Volume 7 Supplement 1

24th Annual Meeting of the National Cancer Institute of Mexico

Open Access

Epigenetic therapy with hydralazine and valproate associated to cisplatin chemoradiation in FIGO stage IIIB. A phase II study

  • Myrna Candelaria1,
  • Lucely Cetina1,
  • Alicia Garcia1,
  • Talia Wegman-Ostrosky1,
  • Elizabeth Robles1,
  • Aurora González-Fierro1,
  • Carlos López-Graniel2,
  • Aaron González2,
  • David Cantú2,
  • Lesbia Ribera3,
  • Lucia Taja-Chayeb1,
  • Catalina Trejo-Becerril1,
  • Enrique Pérez-Cárdenas1,
  • Carlos Pérez-Plasencia1,
  • Alma Chavez-Blanco1 and
  • Alfonso Dueñas-González1, 4Email author
BMC Cancer20077(Suppl 1):A28

https://doi.org/10.1186/1471-2407-7-S1-A28

Published: 5 February 2007

Background

Standard chemoradiation with cisplatin has improved the results of treatment, however, newer therapeutical modalities are needed. DNA demethylating and histone deacetylase inhibitors have shown radiosensitizing effects as well as potentiation of chemotherapy drugs. This study was set to evaluate hydralazine and valproate as epigenetic therapy added to chemoradiation with cisplatin in cervical cancer.

Materials and methods

Eligibility criteria included untreated disease, histological diagnosis and adequate bone marrow, hepatic and liver function. Patients were typed for acetylator phenotype and then oral hydralazine at 182 mg/day or 83 mg/day for rapid and slow-acetylators respectively. Oral magnesium valproate was used at 30 mg/Kg/day. Treatment started 7 days before commencing chemoradiation. Chemoradiation consisted on EBRT 50 Gy in 2G fractions plus cisplatin at 40 mg/m2 weekly × 6. Brachytherapy was scheduled after EBRT. Response, toxicity and survival were evaluated as well as the biological effects of hydralazine and valproate in blood and primary tumor samples.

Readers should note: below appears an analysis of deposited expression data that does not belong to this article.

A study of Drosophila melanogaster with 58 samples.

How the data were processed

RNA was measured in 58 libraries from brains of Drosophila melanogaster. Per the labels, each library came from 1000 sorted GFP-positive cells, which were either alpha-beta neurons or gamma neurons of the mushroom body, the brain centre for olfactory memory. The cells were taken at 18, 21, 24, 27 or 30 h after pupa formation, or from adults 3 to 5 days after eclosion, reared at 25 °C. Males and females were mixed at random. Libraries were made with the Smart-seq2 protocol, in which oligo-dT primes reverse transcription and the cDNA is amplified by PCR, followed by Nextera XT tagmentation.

Results

Twenty one patients were included. Mean age was 50.4 years (range: 28–69 y). Overall, 85% of patients completed both phases, external beam and intracavitary therapy. Three patients did not receive brachytherapy: two abandoned treatment during EBRT and one died after the first cycle of chemotherapy. Mean + SD dose administered to point A was 84.6 + 2.2 (range: 79.6 – 87 for point A). Median number of cisplatin cycles administered was five (range 1–6). The 18 patientes evaluable for response achieved complete clinical response after EBRT. The most frequent grade 3/4 hematological toxicity was neutropenia (45%), followed by thrombocytopenia (10%) and anemia (10%). Non-hematological toxicity was mild in most of cases. Three out of 18 cases have relapsed (16.6%): one local, one had local/systemic relapse and one systemic, at a median follow-up of 11 months (range: 1 – 13.4 m). The hydralazine/valproate-induced changes in the expression of genes analyzed by microarrays will be presented in the meeting.

Conclusion

Epigenetic therapy with hydralazine and valproate associated to chemoradiation in cervical cancer is well-tolerated and seems effective as all evaluable patients achieved clinical complete response during the external radiation.

Authors’ Affiliations

(1)
Division of Clinical Research, INCAN
(2)
Department of Gynecology-Oncology, INCAN
(3)
Division of Radiation Oncology, INCAN
(4)
Unit of Biom Res on Cancer, IIB UNAM/INCAN

Copyright

© Candelaria et al; licensee BioMed Central Ltd. 2007

This article is published under license to BioMed Central Ltd.